After its abject failure to prevent a widespread Russian disinformation campaign from influencing the outcome of the 2016 election, Facebook knew there would be intense scrutiny on the role it played in the 2020 presidential election.
The responsibility of stopping bad actors from weaponizing its platform fell to Civic Integrity, a 300-strong team inside Facebook who not only worked on U.S. elections but also dealt with an increasingly complex set of issues the company had to deal with in countries around the world.
Frances Haugen, a product manager who had worked at Facebook since 2019, was part of that team and was happy to be contributing to the effort to combat disinformation on the platform.
The 2020 election came and went without major real-world or online incidents. Facebook executives, believing they had done their duty, promptly disbanded the Civic Integrity team at the beginning of December, as part of a broader reshuffle within the company.
A month later, insurrectionists stormed the Capitol. They’d planned the incident at least in part on Facebook.
“It was the moment where I was like, ‘I don’t trust that they’re willing to actually invest what needs to be invested to keep Facebook from being dangerous,” Haugen told 60 Minutes in an interview broadcast on Sunday night.
“Facebook knowingly and actively helped organize and build extremist networks, and then allowed those same extremists to operationalize violence to be carried out off-platform,” Angelo Carusone, president and CEO of Media Matters for America, told VICE News in an emailed statement. “I’d like to say this was a bombshell allegation, but the whistleblower’s insights are no surprise to anyone who's been paying attention.”
Haugen, who has provided leaked internal Facebook documents and reports to the Wall Street Journal and Congress in recent weeks, handed in her resignation in April. Before departing the company in May, Haugen sifted through Facebook’s internal systems, reviewing thousands of documents looking at how the company operated.
“There were conflicts of interest between what was good for the public and what was good for Facebook,” Haugen said in the interview. “And Facebook, over and over again, chose to optimize for its own interests, like making more money.”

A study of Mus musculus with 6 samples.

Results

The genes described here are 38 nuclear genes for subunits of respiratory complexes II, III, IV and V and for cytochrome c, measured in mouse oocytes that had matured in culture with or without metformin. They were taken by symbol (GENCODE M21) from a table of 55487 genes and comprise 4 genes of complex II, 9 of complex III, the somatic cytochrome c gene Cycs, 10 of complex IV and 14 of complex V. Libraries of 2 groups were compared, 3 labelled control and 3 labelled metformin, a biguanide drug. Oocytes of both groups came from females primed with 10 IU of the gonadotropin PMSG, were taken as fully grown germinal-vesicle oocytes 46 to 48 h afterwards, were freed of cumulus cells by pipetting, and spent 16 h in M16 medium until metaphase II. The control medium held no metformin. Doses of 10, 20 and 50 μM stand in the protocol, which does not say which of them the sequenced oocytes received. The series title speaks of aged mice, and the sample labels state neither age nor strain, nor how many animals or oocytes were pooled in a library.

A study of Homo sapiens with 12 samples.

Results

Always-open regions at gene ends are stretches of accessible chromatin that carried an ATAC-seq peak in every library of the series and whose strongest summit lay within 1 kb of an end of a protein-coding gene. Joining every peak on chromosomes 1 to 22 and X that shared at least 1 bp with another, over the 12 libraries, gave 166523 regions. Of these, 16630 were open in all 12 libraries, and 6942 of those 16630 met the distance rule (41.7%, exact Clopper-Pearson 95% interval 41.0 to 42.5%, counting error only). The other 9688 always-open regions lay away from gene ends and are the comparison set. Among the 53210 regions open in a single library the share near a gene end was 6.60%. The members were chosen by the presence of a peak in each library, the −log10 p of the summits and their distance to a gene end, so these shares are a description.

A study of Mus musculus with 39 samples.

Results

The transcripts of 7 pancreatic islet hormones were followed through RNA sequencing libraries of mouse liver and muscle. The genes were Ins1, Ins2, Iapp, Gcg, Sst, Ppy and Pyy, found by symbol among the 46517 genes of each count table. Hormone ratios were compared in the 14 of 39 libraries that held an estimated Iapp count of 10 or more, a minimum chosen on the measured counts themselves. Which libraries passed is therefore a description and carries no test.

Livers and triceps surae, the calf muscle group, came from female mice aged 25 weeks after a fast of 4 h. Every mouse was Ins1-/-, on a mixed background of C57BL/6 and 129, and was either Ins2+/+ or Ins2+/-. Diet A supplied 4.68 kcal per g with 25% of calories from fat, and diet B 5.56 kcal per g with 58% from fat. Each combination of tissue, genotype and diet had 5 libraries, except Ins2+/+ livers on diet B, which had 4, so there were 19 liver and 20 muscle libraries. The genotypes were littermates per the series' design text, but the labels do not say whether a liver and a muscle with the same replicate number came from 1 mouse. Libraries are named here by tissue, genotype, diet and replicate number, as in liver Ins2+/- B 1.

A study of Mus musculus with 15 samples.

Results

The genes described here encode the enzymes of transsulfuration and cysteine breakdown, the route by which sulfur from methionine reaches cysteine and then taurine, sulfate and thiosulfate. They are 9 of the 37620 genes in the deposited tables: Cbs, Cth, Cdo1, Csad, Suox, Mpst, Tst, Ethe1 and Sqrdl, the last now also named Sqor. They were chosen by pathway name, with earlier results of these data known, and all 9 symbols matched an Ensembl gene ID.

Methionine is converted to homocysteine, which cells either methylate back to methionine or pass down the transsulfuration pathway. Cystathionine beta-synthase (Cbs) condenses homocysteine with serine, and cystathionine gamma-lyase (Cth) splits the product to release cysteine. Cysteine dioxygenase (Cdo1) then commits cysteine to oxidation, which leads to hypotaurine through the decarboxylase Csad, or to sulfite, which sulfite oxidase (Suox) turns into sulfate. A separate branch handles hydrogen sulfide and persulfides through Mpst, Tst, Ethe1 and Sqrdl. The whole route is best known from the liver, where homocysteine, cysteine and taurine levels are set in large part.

"Facebook has realized that if they change the algorithm to be safer, people will spend less time on the site, they'll click on less ads, they'll make less money,” Haugen added.
In recent weeks, Facebook has faced a torrent of criticism after the Wall Street Journal published a series of bombshell articles based on documents provided by Haugen. The series revealed that Facebook rules don’t apply to VIPs, that Instagram is toxic for teenage girls—and the company knows it, that Facebook actually makes people angrier, and that the company has failed to invest in resources in the developing world, as seen by the Facebook’s failures in places like India, Cambodia, Sri Lanka, Ethiopia, and Myanmar, where the platform was accused of facilitating genocide against the Rohingya Muslims.
“The version of Facebook that exists today is tearing our societies apart and causing ethnic violence around the world,” Haugen said.
Responding to the interview, a Facebook spokesperson said: “We stand by our public statements and are ready to answer any questions regulators may have about our work.”
When asked by VICE News about Haugen’s claim that the Civic Integrity team was shut down prematurely, the company denied the team was disbanded, saying Facebook “integrated their work into a more cohesive, larger organization, because the objective was to expand what they do.”
On Twitter, Facebook spokesperson Andy Stone replied to a clip posted by 60 Minutes claiming that the company wants more regulation and that it has “spent millions of dollars running ads asking Congress to write new laws addressing privacy, data portability, election interference and more.”
The issue of regulation is likely to come up again when Haugen testifies at a Senate hearing titled “Protecting Kids Online” on Tuesday.
Facebook and its CEO Mark Zuckerberg are accustomed to criticism, but even by this company’s high standard, the last month has seen a seemingly never-ending wave of negative news stories coming out about the platform’s inability to deal with disinformation and protect its users—especially its most vulnerable ones.
Over the weekend, Facebook attempted to get ahead of the allegations the company knew Haugen would be making. Central to that effort was Nick Clegg, Facebook’s head of global affairs. But rather than admitting the company’s failings and talking about how it was going to address them, the former British lawmaker attacked Haugen, calling her accusations “misleading” in an internal company memo Friday, and telling CNN the claims were “ludicrous” hours before the interview aired.
The comments echo Zuckerberg’s own words in the days following the 2016 election, when he dismissed the idea that Facebook influenced the outcome of the vote as “pretty crazy.” Of course, the Facebook CEO was soon trying to walk back those comments after the Cambridge Analytica scandal broke, showing the British company had harvested the data of 87 million Americans to help the Trump campaign.
“Frances Haugen’s evidence tonight was compelling and damning,” Carole Cadwalladr, the journalist who broke the Cambridge Analytica story and co-founder of the activist group ‘Real Facebook Oversight Board’ told VICE News in an emailed statement.
“Facebook is a rogue state, lying to regulators, investors, and its own Oversight Board. What we are seeing today is a market failure with profound, devastating global consequences. The Cambridge Analytica scandal was the moment to hold Facebook executives to account. But both the Federal Trade Commission and Securities and Exchange Commission failed to do their jobs. We are now living with this fallout,” Cadwalladr said.